30-Task Model Proves Effective in Treating Addictions
By: Yale Kushner, MA, Licensed Mental Health Counselor Intern
At New Leaf Center, clinicians treat chemical dependency, sex addiction, and other addictive disorders using a research-based 30-Task Model that, when followed, has proven effective for achieving long-term recovery. The Model was developed by Patrick Carnes, Ph.D., a leading researcher in the field of addiction, and particularly sex addiction, who was determined to find a solution to the hopeless repetition and never-ending cycle of addiction he saw.
Dr. Carnes’ research on how sex addicts attain successful recovery started at the first national conference on sex addiction held in 1985. A revelation of sorts came to Dr. Carnes at this conference:
“It occurred to me that, for all the progress we had made in understanding how sex addiction affects people, we had very little information about what made for successful recovery and how long-term recovery was best achieved.”
Following the conference, Dr. Carnes — along with six other researchers — studied 1,000 recovering sex addicts to identify the elements of successful, long-term recovery. The results of this study were published in 1991 in the book “Don’t Call It Love."
The researchers, in order to piece together the recovery process, asked recovering sex addicts and their partners to complete a number of assessment instruments, including an extensive life status inventory and a month-by-month history of their recovery. They also interviewed people with consistent recovery at varying stages of their process (six months, one year, eighteen months, etc.) and analyzed their responses. Their analysis resulted in a five-year recovery process based on changes in classic quality-of-life indicators.
Research indicated that the first year of recovery was by far the hardest. The first year appears to be characterized by extraordinary turmoil, which challenges the recovering person’s resolve to change. Also, some of the consequences of addiction continue, and the change itself is difficult.
The second and third years of recovery generally show measurable improvement occurring in many areas, including finances, ability to cope with stress, spirituality, self-image, career status, and friendships. These indicators reflect a period of intense personal work, which results in more productivity, stability, and a greater sense of well-being.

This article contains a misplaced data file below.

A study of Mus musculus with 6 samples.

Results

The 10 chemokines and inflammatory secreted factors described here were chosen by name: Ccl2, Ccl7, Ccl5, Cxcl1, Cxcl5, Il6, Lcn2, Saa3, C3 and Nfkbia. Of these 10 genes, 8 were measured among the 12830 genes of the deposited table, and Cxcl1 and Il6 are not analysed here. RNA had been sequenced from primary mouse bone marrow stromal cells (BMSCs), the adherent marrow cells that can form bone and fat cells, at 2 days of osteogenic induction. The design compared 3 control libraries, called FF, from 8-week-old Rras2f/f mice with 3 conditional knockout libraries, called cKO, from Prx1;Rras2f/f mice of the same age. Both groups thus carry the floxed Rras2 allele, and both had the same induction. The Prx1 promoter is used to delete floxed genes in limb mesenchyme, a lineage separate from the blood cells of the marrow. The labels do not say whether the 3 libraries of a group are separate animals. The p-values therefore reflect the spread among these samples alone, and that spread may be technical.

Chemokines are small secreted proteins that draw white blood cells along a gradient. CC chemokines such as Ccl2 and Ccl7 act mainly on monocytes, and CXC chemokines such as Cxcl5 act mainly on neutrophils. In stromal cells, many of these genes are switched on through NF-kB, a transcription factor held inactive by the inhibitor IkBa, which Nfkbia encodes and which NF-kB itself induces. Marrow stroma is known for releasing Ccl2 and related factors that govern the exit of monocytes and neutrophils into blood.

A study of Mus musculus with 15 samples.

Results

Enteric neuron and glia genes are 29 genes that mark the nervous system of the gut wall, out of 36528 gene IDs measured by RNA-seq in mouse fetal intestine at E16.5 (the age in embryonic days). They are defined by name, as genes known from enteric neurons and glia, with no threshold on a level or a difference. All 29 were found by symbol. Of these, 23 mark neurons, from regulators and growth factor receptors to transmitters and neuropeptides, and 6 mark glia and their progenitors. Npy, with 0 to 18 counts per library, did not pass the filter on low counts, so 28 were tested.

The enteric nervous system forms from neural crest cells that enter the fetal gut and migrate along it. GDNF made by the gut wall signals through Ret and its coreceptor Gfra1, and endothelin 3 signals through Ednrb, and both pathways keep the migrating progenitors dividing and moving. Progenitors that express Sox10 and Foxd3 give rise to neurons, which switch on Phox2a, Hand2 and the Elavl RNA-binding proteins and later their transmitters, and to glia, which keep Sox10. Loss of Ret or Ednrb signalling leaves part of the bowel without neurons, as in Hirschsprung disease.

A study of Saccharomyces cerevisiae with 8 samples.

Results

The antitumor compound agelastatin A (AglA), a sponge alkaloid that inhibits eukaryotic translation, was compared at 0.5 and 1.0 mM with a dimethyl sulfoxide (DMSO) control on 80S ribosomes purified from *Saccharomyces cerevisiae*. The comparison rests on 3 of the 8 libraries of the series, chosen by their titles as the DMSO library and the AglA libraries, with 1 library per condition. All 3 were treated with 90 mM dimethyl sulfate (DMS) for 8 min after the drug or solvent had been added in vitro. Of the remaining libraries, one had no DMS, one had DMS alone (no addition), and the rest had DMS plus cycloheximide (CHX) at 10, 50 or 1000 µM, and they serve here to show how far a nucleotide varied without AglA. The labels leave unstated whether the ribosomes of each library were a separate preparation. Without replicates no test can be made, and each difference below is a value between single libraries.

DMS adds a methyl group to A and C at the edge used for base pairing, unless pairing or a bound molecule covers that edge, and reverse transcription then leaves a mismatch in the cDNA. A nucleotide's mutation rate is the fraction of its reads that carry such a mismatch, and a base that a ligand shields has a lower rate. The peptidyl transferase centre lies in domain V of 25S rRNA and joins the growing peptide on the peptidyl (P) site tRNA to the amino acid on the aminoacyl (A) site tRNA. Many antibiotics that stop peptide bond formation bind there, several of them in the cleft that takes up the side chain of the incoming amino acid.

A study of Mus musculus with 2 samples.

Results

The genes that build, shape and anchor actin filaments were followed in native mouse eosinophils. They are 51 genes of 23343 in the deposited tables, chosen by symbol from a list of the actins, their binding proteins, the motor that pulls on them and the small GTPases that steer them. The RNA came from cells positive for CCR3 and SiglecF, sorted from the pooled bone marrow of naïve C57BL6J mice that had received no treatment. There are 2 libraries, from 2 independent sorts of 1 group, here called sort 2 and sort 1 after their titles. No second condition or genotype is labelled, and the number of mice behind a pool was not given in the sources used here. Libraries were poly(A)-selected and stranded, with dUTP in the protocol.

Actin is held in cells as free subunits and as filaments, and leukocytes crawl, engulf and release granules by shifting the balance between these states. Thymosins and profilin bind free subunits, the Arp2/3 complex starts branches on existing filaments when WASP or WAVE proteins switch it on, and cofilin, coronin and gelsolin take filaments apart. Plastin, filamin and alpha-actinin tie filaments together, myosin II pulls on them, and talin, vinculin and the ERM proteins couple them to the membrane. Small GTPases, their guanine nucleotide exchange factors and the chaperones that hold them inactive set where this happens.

In years three to five, the addict builds on the growth established in early recovery; and healing often occurs in the addict’s key relationships. Improvements – often-dramatic improvements – happen in relationships with children, parents, siblings, and partners.
Studying this roughly five-year process, Dr. Carnes and his fellow researchers identified 30 Areas of Competency that make for successful recovery. These Competencies are necessary to manage the disease of addiction. Likewise, failure to utilize the Competencies can result in relapse.
Each Competency is marked by Recovery Tasks; and, by completing these Tasks, an addict learns the skills to achieve long-term sobriety. Each task is associated with a specific set of Performables that Dr. Carnes and his team broke into assignments that can be completed by addicts.
Although this recovery program was designed with the sex addict in mind, subsequent research has shown its effectiveness in treating co-occurring addictions and trauma.
Instead of the addict commonly experiencing a continuing cycle of relapse, Dr. Carnes and his associates developed a treatment program that, when followed, makes recovery both attainable and long-lasting.